Sicily is an island where you can get lost in art cities, archaeological sites, amazing landscapes. And then, you can go from the peaks of Etna covered with snow to the blue waves of the sea, on the coast from which you can see some legendary archipelagos. You can enjoy the most hidden towns; they are small gems located in these unique corners of the world. Welcome to the villages in Sicily, so secret that you will want to reveal them to everyone!
Our journey starts from the south of Sicily, from the provinces of Ragusa and Syracuse, and in particular from Scicli and Marzamemi. Let’s pack…gooo!
Scicli, the land of Baroque
Here is the Baroque queen, Elio Vittorini describes it as:
«The city of Scicli stands at the intersection of three valleys, with houses on all sides on the cliffs, a large square straddling a stream, and ancient ecclesiastical buildings that crown in several points, like baroque acropolises, the semicircle of the altitudes…».
This territory is varied, the sandy coast is characterized by the Mediterranean scrub, then the almond and olive trees decorate the hinterland. People who want to add a pinch of adrenaline to their holiday will love canyons and gorges…you can feel like in Colorado!
The monuments you have to put into your bucket list include both civil and religious architecture, even if the past of this city has a strong medieval identity. In the 14th century there were two castles: the so-called Castellaccio – nowadays we can see only a few remains on the top of San Matteo hill – and Castello dei Tre Cantoni, today there are no more than a bunch of ruins.
Among the churches, the Church of San Bartolomeo Apostolo (15th century) stands out. It is a Baroque-Rococo ‘casket’ that hosts a cycle of stuccoes ranging from the 18th to the 19th century. Another remarkable church is the one dedicated to Santa Maria La Nova. It has Byzantine origins, and its history has been long and troubled. Note the neoclassical interior and the quadrangular choir signed by Giuseppe Venanzio Marvuglia.
Villages in Sicily: listen to this tidbit
While you are visiting Scicli, spend a few minutes at Palazzo Beneventano, located between the ancient, fortified citadel at the top of the hill, and the modern eighteenth-century city. It is enough to know that the art historian Sir Anthony Blunt had the audacity to call it ‘the most beautiful Baroque palace in Sicily’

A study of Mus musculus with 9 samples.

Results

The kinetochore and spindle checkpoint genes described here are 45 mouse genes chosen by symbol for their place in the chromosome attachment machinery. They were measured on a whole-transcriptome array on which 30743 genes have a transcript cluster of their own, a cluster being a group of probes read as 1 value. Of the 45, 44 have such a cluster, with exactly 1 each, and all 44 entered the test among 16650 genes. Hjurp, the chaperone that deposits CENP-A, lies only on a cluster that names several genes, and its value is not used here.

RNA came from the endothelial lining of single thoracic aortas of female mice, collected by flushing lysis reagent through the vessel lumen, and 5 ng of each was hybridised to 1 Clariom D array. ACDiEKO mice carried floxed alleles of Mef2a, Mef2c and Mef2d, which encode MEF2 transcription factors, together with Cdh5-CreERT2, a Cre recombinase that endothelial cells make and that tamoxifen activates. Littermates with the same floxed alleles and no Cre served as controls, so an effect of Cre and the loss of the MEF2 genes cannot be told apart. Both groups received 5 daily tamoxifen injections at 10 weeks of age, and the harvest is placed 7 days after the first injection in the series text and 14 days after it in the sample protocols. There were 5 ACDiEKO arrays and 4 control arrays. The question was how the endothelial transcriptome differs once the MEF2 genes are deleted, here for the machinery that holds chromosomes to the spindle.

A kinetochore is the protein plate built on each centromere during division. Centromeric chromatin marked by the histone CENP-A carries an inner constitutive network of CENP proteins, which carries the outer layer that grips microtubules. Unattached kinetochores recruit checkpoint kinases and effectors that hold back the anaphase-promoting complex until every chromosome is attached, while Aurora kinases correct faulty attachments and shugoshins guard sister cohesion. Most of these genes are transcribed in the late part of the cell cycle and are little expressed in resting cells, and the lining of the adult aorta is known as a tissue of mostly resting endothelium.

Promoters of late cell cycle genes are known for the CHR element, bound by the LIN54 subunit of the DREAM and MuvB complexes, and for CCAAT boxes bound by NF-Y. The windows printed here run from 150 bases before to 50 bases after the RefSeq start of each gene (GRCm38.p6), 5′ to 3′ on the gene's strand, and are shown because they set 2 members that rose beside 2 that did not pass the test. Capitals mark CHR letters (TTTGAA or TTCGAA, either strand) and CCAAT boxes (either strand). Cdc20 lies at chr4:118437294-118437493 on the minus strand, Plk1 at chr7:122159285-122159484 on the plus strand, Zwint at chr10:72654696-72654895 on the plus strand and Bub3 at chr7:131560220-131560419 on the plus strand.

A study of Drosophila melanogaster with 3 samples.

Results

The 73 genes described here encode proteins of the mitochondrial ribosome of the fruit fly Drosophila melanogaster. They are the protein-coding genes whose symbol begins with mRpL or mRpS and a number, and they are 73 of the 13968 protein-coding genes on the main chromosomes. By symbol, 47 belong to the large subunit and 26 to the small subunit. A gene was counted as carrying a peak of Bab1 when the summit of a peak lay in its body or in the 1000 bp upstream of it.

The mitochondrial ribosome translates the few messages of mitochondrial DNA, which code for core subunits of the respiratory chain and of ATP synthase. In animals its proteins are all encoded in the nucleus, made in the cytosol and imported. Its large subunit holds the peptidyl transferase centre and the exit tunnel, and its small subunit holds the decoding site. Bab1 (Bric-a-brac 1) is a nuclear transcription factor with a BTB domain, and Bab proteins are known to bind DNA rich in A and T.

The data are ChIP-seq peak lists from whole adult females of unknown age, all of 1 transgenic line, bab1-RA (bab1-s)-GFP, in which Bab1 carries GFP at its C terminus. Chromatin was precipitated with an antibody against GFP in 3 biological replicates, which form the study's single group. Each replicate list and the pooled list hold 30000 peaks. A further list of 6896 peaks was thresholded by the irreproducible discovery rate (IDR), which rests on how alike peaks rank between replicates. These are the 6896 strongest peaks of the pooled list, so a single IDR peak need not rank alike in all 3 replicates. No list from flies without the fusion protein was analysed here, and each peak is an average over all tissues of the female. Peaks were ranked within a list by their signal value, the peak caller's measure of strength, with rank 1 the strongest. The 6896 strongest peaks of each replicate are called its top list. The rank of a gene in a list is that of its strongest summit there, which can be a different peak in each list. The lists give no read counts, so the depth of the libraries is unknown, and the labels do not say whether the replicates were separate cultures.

with a pale yellow-gold color that in the sun acquires an indescribable opulence.
So, it is not a coincidence to find it on the UNESCO World Heritage List.
Marzamemi, let’s jump into a painting
Among the villages in Sicily, one of the most colorful and lively is Marzamemi. It is a district of the municipality of Pachino and the root of its name is uncertain. According to the linguist Corrado Avolio, the toponym derives from the Arabic marsà al-ḥamāma, that means ‘bay of turtledoves’, due to the conspicuous presence of these birds during the spring. It is a hypothesis but what matters is the beauty offered by this place. It has seduced directors such as Gabriele Salvatores who shot his film ‘South’ here in 1993, this village has also been the set of famous films such as ‘The Star Maker’ and famous TV series like ‘Inspector Montalbano’.
Tourists fall in love with the beach in Spinazza district, the soul of Marzamemi is fishing and visitors can breathe this tradition in every street. From the memory of the ancient tuna fishery to the fishermen’s boats, the seafaring culture is also clear in the typical products that delight the palate: red tuna bottarga, dried Pachino tomatoes, cantaloupe melon and then a sip of Nero d’Avola wine to toast to life.